The value of Leonardo's next-gen tech to SAP's future was reinforced by CEO Bill McDermott, who called it "the biggest move our company has made since HANA" during the opening keynote of this week's Sapphire Now 2017 conference in Orlando, Fla.
As outlined by SAP Leonardo President Mala Anand, the constituent parts of SAP Leonardo are clear enough. It consists of artificial intelligence, machine learning, big data, analytics, internet of things (IoT) and blockchain, all of which can be embedded in applications to create new data-driven intelligent systems.
"These new data-driven systems of intelligence enable us to reap unprecedented value from data, unlock new business models and allow us to completely reimagine business processes across supply chain, customer interactions, workforce experience and much more," Anand said.
Although the nature of the next-gen tech that makes up SAP Leonardo is clear, the vendor has had less success in delivering a clear message as to what Leonardo is as a whole. Hasso Plattner, SAP's co-founder and chairman of the supervisory board, referred to Leonardo as a "bounding box," a mathematical term for a box that defines the physical shape of a group of objects.
"[SAP Leonardo is] a box around a set of tools to build a system, which then, with machine learning algorithms, finds insights and builds algorithms that we can attach to actions or analytics," Plattner said. "So, it's mainly a set of tools that we can use to build a machine learning system, which produces software."
Some SAP customers are completely all-in on the next-gen tech, if not Leonardo itself, while others are a long way off from actually implementing Leonardo applications.
SAP Leonardo in everything but name
Emplay, an SAP partner based in Dublin, Calif., is using analytics and big data technology for its Sales GPS application that helps salespeople with step-by-step personalized recommendations for real-time insights about sales prospects and accounts. Running on SAP's HANA in-memory database, Sales GPS processes data from a variety of sources, including business applications like customer relationship management, HR and customer service, as well as unstructured data from sources like LinkedIn, making it a virtual poster child for this new kind of data-driven business, according to founder and CEO Sanchita Sur.
Sanchita SurCEO, Emplay
Sales GPS uses many SAP Leonardo elements, but it's not a Leonardo system per se, Sur said.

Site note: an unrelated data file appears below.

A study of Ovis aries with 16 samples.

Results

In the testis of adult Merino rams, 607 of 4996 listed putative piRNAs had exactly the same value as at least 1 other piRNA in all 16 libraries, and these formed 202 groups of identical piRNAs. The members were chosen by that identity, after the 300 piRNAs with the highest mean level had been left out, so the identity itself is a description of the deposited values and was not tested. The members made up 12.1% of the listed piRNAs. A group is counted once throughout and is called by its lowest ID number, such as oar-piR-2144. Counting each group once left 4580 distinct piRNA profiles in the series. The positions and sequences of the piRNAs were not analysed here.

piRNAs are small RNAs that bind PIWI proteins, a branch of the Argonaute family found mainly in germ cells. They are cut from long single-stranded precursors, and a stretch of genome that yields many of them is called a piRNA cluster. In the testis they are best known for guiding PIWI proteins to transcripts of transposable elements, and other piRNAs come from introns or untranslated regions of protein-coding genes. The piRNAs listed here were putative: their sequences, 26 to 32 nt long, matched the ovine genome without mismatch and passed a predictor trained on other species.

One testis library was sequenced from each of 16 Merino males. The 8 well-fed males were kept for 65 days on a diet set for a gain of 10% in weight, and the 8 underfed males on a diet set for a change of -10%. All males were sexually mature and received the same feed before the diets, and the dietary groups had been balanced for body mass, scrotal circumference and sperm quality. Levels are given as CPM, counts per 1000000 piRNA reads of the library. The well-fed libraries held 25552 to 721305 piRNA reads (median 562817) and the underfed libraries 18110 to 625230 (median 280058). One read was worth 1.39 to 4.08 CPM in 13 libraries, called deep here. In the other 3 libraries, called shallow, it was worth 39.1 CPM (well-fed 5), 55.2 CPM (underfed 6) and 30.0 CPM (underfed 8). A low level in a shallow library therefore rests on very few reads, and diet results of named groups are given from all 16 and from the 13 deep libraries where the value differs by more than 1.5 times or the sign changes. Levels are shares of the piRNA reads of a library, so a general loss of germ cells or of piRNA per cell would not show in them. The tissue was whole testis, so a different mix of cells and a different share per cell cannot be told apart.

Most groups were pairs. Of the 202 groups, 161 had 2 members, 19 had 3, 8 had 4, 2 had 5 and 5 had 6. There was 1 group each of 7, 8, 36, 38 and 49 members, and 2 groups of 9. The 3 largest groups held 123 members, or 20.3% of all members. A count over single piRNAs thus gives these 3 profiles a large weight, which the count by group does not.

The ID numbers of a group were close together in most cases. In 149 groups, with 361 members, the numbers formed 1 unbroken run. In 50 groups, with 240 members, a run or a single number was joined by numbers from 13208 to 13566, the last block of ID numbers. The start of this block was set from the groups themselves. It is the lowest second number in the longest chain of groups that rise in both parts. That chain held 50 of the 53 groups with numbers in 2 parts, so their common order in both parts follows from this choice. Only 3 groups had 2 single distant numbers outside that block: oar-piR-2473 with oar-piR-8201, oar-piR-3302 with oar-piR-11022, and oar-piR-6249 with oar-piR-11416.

"I think SAP has a rose garden, a sunflower garden, a jasmine garden, and it's just bringing it together in a bouquet they're calling Leonardo," Sur said. "We are using analytics, we are using machine learning, we are using workflow from SAP and the HANA database, we're using all the components of the Leonardo stack, except for the IoT stack; we're just not calling it Leonardo."
SAP needs to clarify its messaging around Leonardo if it wants to overtake Microsoft and IBM Watson in this space, Sur said.
"IBM Watson has definitely taken a lead, followed by Microsoft, and they have messaged it beautifully," she said. "SAP is slowly catching up and is building that stack very quickly, but I still feel there's a little bit of sharper messaging that needs to be done, drawing parallels with these two that have taken the lead and saying they're at par or better."
Digital beef jerky not likely in the future
The concepts and next-gen tech are intriguing to Jackie Hartman, vice president of IT for Jack Link's Beef Jerky, based in Minong, Wis., but the company is not likely to find a use case for them anytime soon.
Jack Link's Beef Jerky, one of the world's largest providers of meat and protein snacks, has a hybrid SAP environment that includes SAP ECC and SAP HANA Enterprise Cloud for applications that include trade promotion management and supply chain optimization. However, Leonardo is little more than an intriguing idea.
"I think as more stories are being told about those kinds of capabilities, we're definitely paying attention to them. But because we are a product-driven organization, we put our capital in product innovation and will probably be on the slower side to adopt some of those capabilities and functions," Hartman said. "However, as an IT leader, I certainly pay attention to them and try to imagine how they might be used in our organization. One, because my business partners will likely start asking about them, and two, it's part of our responsibility that when we do see that the business is starting to mature in such a way that we can start making those recommendations. But, in the immediate term, we don't have a critical path in that direction."
Hartman said she also believes SAP needs to do a much better job of explaining what Leonardo is and how companies can benefit from it.
"I would not be able to clearly articulate how we would take advantage of it, or how Jack Link's would benefit from it," she said. "I've certainly seen a lot of media around it, but I don't have a clear storyline on what it would mean to Jack Link's."